Last friday I came across an article written by Imrana Jalal, originally posted as an ADB blog, about the acceptance of violence against women, by women. In her text she explains how 81% of women in East-Timor believe that husbands have a right to beat their wives. Women, thinking that violence against women is acceptable. That a husband, beating his wife, is not necessarily doing wrong.
I’ve been dwelling on this all weekend long and it still makes me sick in stomach and gets tears in my eyes.
It’s a custom, how things always have been. Husband on East-Timor have always been beating their wives, and daughters are brought up in that environment. Where there’s no alternative model existing, the traditions are not questioned.
Jalal writes about other examples in the Pacific Islands as well, showcasing how small island nations without much influence from outside can develop extremely unequally. Many developed nations also have high violence rates, often domestic too, but what really struck me with the Pacific island statistics was the fact that women find the beatings justified, acceptable.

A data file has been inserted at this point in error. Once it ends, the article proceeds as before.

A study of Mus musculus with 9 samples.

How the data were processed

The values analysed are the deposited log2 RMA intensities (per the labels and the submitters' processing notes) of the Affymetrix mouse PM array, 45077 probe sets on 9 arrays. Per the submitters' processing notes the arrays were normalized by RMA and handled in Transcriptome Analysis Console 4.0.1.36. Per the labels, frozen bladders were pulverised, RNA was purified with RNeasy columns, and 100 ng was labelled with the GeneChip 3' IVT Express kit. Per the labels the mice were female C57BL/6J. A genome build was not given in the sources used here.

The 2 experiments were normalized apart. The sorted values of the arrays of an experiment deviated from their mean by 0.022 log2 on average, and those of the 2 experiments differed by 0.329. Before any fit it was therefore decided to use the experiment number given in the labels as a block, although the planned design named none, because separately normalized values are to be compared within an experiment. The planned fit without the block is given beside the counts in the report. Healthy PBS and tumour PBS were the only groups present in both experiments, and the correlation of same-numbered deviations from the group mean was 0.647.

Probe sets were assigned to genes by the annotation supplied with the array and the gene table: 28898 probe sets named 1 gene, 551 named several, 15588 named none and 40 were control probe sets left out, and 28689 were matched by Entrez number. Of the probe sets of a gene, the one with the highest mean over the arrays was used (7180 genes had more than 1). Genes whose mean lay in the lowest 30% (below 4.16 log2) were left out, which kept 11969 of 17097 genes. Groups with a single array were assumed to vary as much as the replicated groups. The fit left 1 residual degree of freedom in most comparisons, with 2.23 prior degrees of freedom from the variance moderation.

That can only be changed by education. A new model needs to be introduced – for men to learn non-violent ways of expressing themselves and for women to understand their equal worth. Children need to be taught that violence is never an answer and never acceptable. The understanding of how violence is never acceptable, can’t be taken for granted. It needs to be taught.
I do believe behavioral patterns can be changed and wish the report on these horrifying statistics enables international organizations to introduce education programs in the Pacific Islands. Changing the mindset of people won’t happen overnight but it can be achieved. There certainly is an urgency and need for trying. I hope the next generation won’t grow up in accepting a fist on a face as an argument.